Saturday, July 30, 2011

Perhaps Best Casino Cheating Scam of All-Time--Asian Casino Cheats Stick Cameras Inside Shuffle Machines and Film Entire Baccarat Shuffle Sequences!

Macau Cheats With Their Equipment 
They Scammed and Cheated Macau casinos out of HK$ 24 million (more than 3 million US), but still got caught, not only because they were too greedy and didn't let enough time go by between cheat assaults on the casinos' baccarat tables, but because they should have realized that casinos' routine maintenance of the tables' automatic card shufflers would have eventually uncovered the scam. In any event, this is one of the best of the latest high-tech casino-cheating scams


Macau police have smashed a mainland syndicate that allegedly swindled casinos out of more than HK$24 million using camera-embedded card shuffling machines, arresting seven men. Detectives are also investigating whether dealers may be involved, but would not reveal the names of the casinos.

The modified card machines were first discovered in January but it was not until March 28 that the alleged culprits were identified.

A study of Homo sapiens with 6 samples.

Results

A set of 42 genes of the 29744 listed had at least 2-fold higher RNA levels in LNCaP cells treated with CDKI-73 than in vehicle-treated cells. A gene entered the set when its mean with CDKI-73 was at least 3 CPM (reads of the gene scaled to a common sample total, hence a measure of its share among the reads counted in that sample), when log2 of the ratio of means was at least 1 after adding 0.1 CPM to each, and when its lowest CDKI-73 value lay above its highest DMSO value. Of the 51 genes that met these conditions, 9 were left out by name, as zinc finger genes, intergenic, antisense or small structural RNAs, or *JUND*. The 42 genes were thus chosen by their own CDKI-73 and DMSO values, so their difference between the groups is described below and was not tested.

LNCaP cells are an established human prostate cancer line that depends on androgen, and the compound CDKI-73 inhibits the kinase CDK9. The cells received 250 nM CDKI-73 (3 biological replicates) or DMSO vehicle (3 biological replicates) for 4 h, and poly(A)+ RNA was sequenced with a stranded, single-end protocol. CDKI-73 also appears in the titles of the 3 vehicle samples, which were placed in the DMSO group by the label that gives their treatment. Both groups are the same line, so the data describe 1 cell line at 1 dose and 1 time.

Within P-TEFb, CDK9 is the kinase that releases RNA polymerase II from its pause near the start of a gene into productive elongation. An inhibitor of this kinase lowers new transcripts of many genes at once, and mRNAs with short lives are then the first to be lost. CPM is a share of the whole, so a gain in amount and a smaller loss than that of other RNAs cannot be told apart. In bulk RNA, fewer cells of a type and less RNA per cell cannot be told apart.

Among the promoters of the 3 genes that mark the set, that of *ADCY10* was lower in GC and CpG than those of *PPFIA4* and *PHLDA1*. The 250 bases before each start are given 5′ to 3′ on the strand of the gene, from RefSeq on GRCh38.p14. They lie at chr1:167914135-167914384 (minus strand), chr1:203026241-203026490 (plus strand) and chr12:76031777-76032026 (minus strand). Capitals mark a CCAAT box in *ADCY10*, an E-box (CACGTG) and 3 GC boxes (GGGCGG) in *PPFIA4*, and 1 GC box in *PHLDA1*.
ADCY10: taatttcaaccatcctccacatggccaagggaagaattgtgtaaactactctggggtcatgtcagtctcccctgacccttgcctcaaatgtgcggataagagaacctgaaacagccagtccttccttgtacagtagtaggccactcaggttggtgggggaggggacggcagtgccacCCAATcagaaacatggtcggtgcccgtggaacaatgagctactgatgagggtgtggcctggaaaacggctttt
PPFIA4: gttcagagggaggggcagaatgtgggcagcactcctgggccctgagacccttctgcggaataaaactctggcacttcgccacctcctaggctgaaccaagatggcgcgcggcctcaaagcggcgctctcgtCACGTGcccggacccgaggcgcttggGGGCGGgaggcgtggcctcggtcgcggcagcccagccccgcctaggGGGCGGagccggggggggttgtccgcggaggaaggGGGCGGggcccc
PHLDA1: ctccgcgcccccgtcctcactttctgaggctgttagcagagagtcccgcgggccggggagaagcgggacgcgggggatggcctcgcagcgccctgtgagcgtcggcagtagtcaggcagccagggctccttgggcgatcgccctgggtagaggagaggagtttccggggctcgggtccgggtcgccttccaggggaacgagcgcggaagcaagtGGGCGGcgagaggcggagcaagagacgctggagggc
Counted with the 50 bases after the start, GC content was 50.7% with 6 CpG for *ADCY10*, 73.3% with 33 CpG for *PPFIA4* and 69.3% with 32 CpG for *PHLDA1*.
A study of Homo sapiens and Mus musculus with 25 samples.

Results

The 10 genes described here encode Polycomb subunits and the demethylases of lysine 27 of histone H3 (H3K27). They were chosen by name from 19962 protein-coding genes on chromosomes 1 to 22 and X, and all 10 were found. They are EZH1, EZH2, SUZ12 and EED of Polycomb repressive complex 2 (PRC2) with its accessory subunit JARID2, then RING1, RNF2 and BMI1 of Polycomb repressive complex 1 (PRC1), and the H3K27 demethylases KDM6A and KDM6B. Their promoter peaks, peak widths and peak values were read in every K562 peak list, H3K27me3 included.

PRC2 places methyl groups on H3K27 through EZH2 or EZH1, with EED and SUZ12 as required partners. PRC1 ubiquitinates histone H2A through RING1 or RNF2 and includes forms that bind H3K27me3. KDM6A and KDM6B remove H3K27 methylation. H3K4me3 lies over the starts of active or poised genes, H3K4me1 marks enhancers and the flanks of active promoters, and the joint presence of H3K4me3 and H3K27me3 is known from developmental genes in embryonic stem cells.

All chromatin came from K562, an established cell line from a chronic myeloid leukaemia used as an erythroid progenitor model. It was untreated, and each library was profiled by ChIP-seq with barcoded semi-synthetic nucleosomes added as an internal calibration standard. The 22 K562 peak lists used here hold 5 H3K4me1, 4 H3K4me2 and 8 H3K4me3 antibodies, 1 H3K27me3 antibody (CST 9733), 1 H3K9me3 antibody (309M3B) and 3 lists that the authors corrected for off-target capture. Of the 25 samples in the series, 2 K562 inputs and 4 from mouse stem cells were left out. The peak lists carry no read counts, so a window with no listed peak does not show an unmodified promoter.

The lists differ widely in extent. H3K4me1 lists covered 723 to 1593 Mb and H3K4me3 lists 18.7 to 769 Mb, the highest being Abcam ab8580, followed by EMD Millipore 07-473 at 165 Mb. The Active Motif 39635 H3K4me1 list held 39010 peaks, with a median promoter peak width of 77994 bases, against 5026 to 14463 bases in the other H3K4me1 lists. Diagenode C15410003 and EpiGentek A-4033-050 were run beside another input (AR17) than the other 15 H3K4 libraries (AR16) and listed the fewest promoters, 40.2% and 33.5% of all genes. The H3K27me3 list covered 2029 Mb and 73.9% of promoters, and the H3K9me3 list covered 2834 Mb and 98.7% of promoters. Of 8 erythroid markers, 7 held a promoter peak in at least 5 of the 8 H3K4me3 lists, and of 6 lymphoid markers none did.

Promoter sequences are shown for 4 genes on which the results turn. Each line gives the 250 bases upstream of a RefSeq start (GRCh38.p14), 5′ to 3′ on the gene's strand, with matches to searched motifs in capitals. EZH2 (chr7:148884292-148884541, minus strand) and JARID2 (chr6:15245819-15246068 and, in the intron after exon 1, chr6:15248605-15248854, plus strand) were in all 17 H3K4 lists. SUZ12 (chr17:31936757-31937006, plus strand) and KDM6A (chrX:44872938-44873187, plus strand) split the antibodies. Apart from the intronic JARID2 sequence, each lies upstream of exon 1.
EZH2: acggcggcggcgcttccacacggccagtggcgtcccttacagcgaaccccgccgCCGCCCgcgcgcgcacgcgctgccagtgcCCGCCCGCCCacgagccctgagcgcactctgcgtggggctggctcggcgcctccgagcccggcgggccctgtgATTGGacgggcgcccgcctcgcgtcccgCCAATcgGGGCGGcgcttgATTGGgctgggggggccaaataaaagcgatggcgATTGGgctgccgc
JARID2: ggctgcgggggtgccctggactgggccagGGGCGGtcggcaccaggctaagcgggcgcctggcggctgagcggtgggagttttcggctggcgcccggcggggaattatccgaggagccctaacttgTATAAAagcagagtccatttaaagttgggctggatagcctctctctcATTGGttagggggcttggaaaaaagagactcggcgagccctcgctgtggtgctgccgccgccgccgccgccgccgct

The seven, including two alleged masterminds, were nabbed at hotels or at the border crossing when they attempted to return to Macau this month.
Aged between 37 and 46, they are mostly from Yunnan, and one hails from Jilin. They are believed to have placed their modified machines in casinos and analyzed the filmed card shuffling sequence before laying down bets on baccarat tables.

The modified devices appear to be the same as the ones used in casinos, but each was fitted with a micro video camera and infrared transmitter. Mirrors were also installed to reflect images of cards to a video camera.
Police allege the footage was transmitted to a center outside the casino where the ring took one to two hours to compute the maximum possible probability of winning at baccarat.

The gamblers then reserved VIP rooms and placed bets according to the analyzed results.

Suen Kam-fai of the Macau Judiciary Police said syndicate members relied on distractions during the machine switches. The alleged masterminds are named Liu and Yang. Two others are said to have criminal records for cheating at card games in casinos in 2005.

The scam came to light in January when technicians carried out regular maintenance of shuffling machines at a casino. Officers with the gaming-related and economic crimes investigation department later launched an investigation and found other machines in Macau casinos. Police seized HK$1 million from the seven and are still calculating the total amount involved in the swindle.